By Marjorie Gorospe
ANGONO, RIZAL- Balaw-balaw Restaurant is famous for its exotic dishes, particularly the buro, a condiment made from fermented rice. It is a proven best-seller that even Filipinos now living or working abroad request for it.
Balaw-balaw was established in 1982 by Andre Perdigon Vocalan and Luzvimin Volacan has since become a sort of institution in Angono.
The restaurant was also featured in the show Bizarre Foods, aired on the Discovery Travel and Living Channel. Angono is also noted for its local artists and the restaurant also features an art gallery.
The buro, in particular, remains a favorite. Customers would often buy bottles of it for pasalubong or take-out.
“Some balikbayans would even ask for more so that they can bring it with them abroad. But of course it won’t last long if it’s not packaged well and so this sparked our new venture,” says Andre.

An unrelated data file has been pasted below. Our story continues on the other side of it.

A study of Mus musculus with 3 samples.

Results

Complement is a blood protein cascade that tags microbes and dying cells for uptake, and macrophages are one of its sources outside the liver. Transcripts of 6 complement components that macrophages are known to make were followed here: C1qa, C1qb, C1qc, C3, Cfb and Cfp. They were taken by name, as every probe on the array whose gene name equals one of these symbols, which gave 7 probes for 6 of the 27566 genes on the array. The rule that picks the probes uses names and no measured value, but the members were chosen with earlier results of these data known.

This gave rise to Balaw-balaw Food Inc., which also produces alamang, another popular condiment made from fermented fish or shrimp. A bottle of alamang costs P60 while buro – made from either hito (catfish), dalag (mudfish) or shrimp - costs P70.
“Our products have longer expiration, meaning they can be taken abroad. Hopefully we can produced more products we can export abroad,” says Andre.
loQal.ph (http://loqal.ph/) is a website owned and operated by Filquest Media Concepts, Inc. It works under the principle of giving voice to the voiceless, empowering Filipinos and uplifting the image of the Philippines by highlighting its unique culture. To do this, the loQal.ph team produces stories, video, photos and other multimedia content types to inspire and celebrate Filipino achievements, ideas, products and places.